By Nate F. Searing

There are few names in the industry (if any) which have more resonance and history than Culligan. For 70 years, that name and its legacy have been tied to Northbrook, Ill., the home of Culligan International Co.’s corporate headquarters and the site where Emmett Culligan first began selling water treatment equipment in the 1930s.

Before the end of this year, that home will be gone, as Culligan has announced plans to close the 40-acre property and move its headquarters to a new location in the Chicago area.

“We all hate to see things that we’ve grown up with, icons in our business, disappear, but things change,” said Elmer Parks, owner of Culligan of Boone and Putnam Counties in Central Indiana and a 32-year veteran of the company. “I think it will have more of an impact on us dealers (many of us have been with the company for decades) than on the individual customers. It kind of feels like a part of the family is gone.”

Parks, who operates as an independent Culligan dealership, said dealers were notified of the change in an email early this year. Culligan has a network of more than 1,000 dealers. Owned since 2004 by the investment firm Clayton Dubillier & Rice, Culligan International has annual sales in excess of $700 million.

It’s that dealer network that is the driving force behind the closure of the 450,000-square-foot manufacturing facility and corporate office, said Culligan President Mark Seals. Rather than focusing on manufacturing their own equipment, Culligan will work with a select group of specialty manufacturers who can continually invest in new technologies.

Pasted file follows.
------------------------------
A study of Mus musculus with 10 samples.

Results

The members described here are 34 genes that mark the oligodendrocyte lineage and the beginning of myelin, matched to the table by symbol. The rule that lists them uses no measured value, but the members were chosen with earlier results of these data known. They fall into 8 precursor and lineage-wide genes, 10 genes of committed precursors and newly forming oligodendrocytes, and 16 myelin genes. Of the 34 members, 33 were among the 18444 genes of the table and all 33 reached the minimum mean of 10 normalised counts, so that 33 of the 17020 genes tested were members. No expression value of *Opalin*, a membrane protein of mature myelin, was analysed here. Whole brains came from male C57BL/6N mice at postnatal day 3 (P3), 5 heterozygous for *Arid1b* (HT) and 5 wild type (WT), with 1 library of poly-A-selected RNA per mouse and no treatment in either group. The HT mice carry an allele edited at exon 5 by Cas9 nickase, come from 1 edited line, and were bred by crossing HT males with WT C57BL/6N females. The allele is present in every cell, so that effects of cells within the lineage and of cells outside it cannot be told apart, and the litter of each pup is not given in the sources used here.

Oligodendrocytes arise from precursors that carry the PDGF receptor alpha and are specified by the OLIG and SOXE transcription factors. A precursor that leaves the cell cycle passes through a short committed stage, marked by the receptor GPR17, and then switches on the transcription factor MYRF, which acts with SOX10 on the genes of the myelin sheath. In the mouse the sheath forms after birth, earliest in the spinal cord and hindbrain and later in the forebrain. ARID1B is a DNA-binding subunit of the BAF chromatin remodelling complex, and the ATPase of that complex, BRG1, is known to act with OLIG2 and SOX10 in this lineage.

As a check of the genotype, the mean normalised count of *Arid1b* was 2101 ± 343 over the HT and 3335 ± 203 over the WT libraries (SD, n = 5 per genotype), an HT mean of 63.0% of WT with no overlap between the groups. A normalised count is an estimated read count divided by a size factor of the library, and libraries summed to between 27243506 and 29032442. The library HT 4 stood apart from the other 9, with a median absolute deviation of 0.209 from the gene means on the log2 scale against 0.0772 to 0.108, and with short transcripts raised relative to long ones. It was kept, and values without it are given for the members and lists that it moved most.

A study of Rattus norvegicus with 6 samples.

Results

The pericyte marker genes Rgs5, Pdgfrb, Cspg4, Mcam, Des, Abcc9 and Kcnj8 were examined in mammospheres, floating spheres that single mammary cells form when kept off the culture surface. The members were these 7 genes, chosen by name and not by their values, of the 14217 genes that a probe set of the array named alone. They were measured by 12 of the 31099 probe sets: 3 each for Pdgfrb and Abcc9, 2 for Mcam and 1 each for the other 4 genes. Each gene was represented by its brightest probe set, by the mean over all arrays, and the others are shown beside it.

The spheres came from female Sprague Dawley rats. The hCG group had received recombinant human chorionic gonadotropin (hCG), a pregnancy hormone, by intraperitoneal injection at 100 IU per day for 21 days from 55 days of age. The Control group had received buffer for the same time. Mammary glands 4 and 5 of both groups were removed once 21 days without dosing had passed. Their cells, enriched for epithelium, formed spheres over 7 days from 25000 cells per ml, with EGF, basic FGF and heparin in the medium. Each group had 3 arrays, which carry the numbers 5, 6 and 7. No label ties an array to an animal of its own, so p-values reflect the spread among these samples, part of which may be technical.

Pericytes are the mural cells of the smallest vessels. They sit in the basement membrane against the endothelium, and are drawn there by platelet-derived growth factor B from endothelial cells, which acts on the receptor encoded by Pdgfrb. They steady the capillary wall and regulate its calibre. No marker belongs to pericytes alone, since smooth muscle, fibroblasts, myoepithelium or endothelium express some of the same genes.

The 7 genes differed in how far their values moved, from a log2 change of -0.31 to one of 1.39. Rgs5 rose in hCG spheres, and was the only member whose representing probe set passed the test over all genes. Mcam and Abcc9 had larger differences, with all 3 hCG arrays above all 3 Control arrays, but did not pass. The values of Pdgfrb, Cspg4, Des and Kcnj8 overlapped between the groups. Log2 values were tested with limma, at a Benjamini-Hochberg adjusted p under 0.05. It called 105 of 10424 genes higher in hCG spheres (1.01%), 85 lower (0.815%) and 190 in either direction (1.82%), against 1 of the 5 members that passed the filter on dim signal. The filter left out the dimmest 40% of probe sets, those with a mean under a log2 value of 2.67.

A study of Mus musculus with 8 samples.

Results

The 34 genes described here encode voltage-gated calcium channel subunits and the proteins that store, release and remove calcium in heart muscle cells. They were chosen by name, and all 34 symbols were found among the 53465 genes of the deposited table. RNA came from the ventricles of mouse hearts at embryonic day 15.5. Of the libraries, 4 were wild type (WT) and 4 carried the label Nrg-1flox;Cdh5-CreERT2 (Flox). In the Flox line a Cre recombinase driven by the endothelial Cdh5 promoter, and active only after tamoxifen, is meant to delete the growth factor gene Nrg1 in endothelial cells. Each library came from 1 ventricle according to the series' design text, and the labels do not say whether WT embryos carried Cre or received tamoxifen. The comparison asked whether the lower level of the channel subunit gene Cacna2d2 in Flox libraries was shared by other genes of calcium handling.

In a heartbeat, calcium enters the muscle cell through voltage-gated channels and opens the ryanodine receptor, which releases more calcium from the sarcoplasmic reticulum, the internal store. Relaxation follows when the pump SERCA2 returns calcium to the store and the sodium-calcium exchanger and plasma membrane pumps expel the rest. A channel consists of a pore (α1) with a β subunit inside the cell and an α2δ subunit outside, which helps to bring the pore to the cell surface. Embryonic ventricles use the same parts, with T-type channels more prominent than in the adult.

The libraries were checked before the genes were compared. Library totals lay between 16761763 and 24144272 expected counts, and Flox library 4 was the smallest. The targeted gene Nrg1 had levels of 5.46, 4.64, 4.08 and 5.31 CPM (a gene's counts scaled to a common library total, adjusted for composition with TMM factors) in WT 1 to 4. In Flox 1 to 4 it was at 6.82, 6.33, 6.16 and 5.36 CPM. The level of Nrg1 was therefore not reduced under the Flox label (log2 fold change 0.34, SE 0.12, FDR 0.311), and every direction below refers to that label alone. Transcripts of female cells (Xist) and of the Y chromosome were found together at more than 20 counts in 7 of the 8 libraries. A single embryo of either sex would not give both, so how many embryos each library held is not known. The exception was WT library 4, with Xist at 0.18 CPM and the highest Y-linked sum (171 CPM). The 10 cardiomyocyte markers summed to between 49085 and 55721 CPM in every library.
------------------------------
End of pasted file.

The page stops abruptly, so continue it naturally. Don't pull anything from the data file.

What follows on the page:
“There’s always concern when changes are made,” said Donald Karger, President of the Culligan Dealers Association of North America, Inc., an association of about 400 independent Culligan dealers. “But the potential for the impact this change will have on improving the Culligan brand and bringing new products to market will alleviate any concerns that dealers or even consumers may have had.”

The shift will allow the company to refocus its efforts on promoting its dealer network and capitalize on the strengths of individual dealers, Karger said. It will also help bring new products into the water treatment industry, Seals predicted.

But that transition will have a price. While the company’s 300 headquarters employees will remain on staff in the Chicago area, 200 Northbrook factory workers will lose their jobs in the shake-up.

According to the Northbrook Star newspaper, Emmett Culligan’s job creation in the mid-1930s is credited with helping the Village of Northbrook, then a town of barely a thousand people, survive the Great Depression. Culligan has continued to be a key economic driver for the city, which is now home to about 33,000.

“Internally, we never talked about the company as Culligan, we talked about Northbrook,” Parks said. “How are things at Northbrook? What’s the latest out of Northbrook? We’ve all been to the headquarters and like me, I bet many dealers out there consider it an extension of our own dealerships.”

While sad to see it go, Parks says he is eager to see how the changes will benefit the company and strengthen individual dealers like himself.

“Times change and you’ve got to be able to change right along with them,” he said.